JEDDAH: A $20 million deal to save Arabian leopards has been signed between the Royal Commission for Al-Ula (RCU) and Panthera, the global wild cat conservation organization.
The Arabian leopard population is critically endangered, meaning it faces an extremely high risk of extinction in the wild, according to the definition provided by the International Union for Conservation of Nature.
Panthera President Dr. Fred Launay said the Arabian leopard subspecies was estimated to number fewer than 200 in the wild, with its population driven down in recent years due to loss of habitat and prey, followed by persecution in livestock areas.
The signing ceremony was held at Ashar in Al-Ula county.
The RCU will join The Global Alliance for Wild Cats with a commitment to investing more than $20 million over the next 10 years to conservation measures, with a focus on the Arabian leopard, which is indigenous to Al-Ula.
Prince Badr bin Abdullah bin Farhan, the minister of culture and RCU governor, said: “The signing of the agreement is a major milestone in our shared ambitions to reintroduce the Arabian leopard population in the region and join global partners to support the preservation of these wild cat populations worldwide.
“It is our duty to protect, conserve and build the population numbers to preserve the species from becoming a footnote of history.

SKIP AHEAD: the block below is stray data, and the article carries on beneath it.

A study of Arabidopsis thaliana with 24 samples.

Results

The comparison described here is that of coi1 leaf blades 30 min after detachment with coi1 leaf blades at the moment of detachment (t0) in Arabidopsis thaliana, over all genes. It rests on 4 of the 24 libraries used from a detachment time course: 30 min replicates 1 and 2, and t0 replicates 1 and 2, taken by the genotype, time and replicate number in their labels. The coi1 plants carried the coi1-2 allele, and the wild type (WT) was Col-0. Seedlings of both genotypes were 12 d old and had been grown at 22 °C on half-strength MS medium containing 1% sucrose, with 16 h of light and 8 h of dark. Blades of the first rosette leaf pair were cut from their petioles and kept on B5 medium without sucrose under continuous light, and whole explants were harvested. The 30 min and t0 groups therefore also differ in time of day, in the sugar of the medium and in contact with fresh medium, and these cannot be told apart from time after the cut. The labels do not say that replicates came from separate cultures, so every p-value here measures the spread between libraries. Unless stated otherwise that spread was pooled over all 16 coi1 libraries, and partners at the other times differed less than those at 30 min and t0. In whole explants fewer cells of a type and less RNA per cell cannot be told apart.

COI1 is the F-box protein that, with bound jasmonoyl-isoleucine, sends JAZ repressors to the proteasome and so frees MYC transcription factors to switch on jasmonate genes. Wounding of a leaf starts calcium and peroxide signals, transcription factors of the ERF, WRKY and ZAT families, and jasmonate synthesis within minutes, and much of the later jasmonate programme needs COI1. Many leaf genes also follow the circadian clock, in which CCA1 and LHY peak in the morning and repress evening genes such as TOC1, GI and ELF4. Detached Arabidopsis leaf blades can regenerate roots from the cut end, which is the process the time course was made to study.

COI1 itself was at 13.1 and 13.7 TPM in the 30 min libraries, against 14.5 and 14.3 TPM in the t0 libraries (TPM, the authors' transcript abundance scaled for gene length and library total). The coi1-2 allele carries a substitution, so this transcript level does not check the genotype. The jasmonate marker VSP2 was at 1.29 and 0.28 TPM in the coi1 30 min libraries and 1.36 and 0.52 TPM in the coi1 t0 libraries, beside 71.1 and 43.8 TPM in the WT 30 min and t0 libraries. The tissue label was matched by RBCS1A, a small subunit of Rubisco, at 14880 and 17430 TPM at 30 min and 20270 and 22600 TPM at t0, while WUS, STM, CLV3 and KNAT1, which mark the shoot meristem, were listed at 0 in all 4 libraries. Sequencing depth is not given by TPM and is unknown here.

“Our partnership with Panthera will help ensure that populations in other countries around the world are preserved before they reach the levels of endangerment faced today by our precious native big cats.”
RCU CEO Amr Al-Madani said that Al-Ula was chosen as the venue for signing the deal because the conservation of the Arabian leopard was a major part of the commission’s commitment to helping protect, enhance and develop wildlife in the region.
“Arabian leopards were native to the Al-Ula area in the recent past alongside other species and we are committed to investing in breeding programs to help increase their numbers with the aim of eventually being able to reintroduce them back into their natural habitat,” he told Arab News.
“The RCU has created the Sharaan Nature Reserve to provide a sanctuary for the protection, preservation and reintroduction of endangered species native to Saudi Arabia and plans to develop further protected areas in the county.
“Our ambition is to create thriving, ecologically rich environments that can support big cat species such as the Arabian leopard.
“Our partnership with Panthera — a global authority in the preservation of big cat species worldwide — will help us achieve this.”
There will be a global fund focused on the protection and enhancement of remaining wild populations, captive breeding programs, international collaborations, community-based conservation projects and scientific research to support the future of this rare species.
“Being able to create a future where magnificent Arabian leopards can once more roam freely within the Sharaan Nature Reserve we are developing is one that we cannot wait to see. Such a beautiful natural landscape as Al-Ula is a fitting home for some of the world’s most magnificent animals,” he added.
Panthera Chairman Dr. Thomas Kaplan said the launch of the Arabian Leopard Initiatives (ALI), announced by the RCU, was proof that individuals could alter the trajectory of a species away from extinction and toward rebirth.
“I am particularly grateful that the RCU has not only chosen to invest in bringing back the Kingdom’s own leopards, but has also joined — together with Indian, Chinese, Emirati, and American partners – in Panthera’s Global Alliance for Wild Cat,” he told Arab News.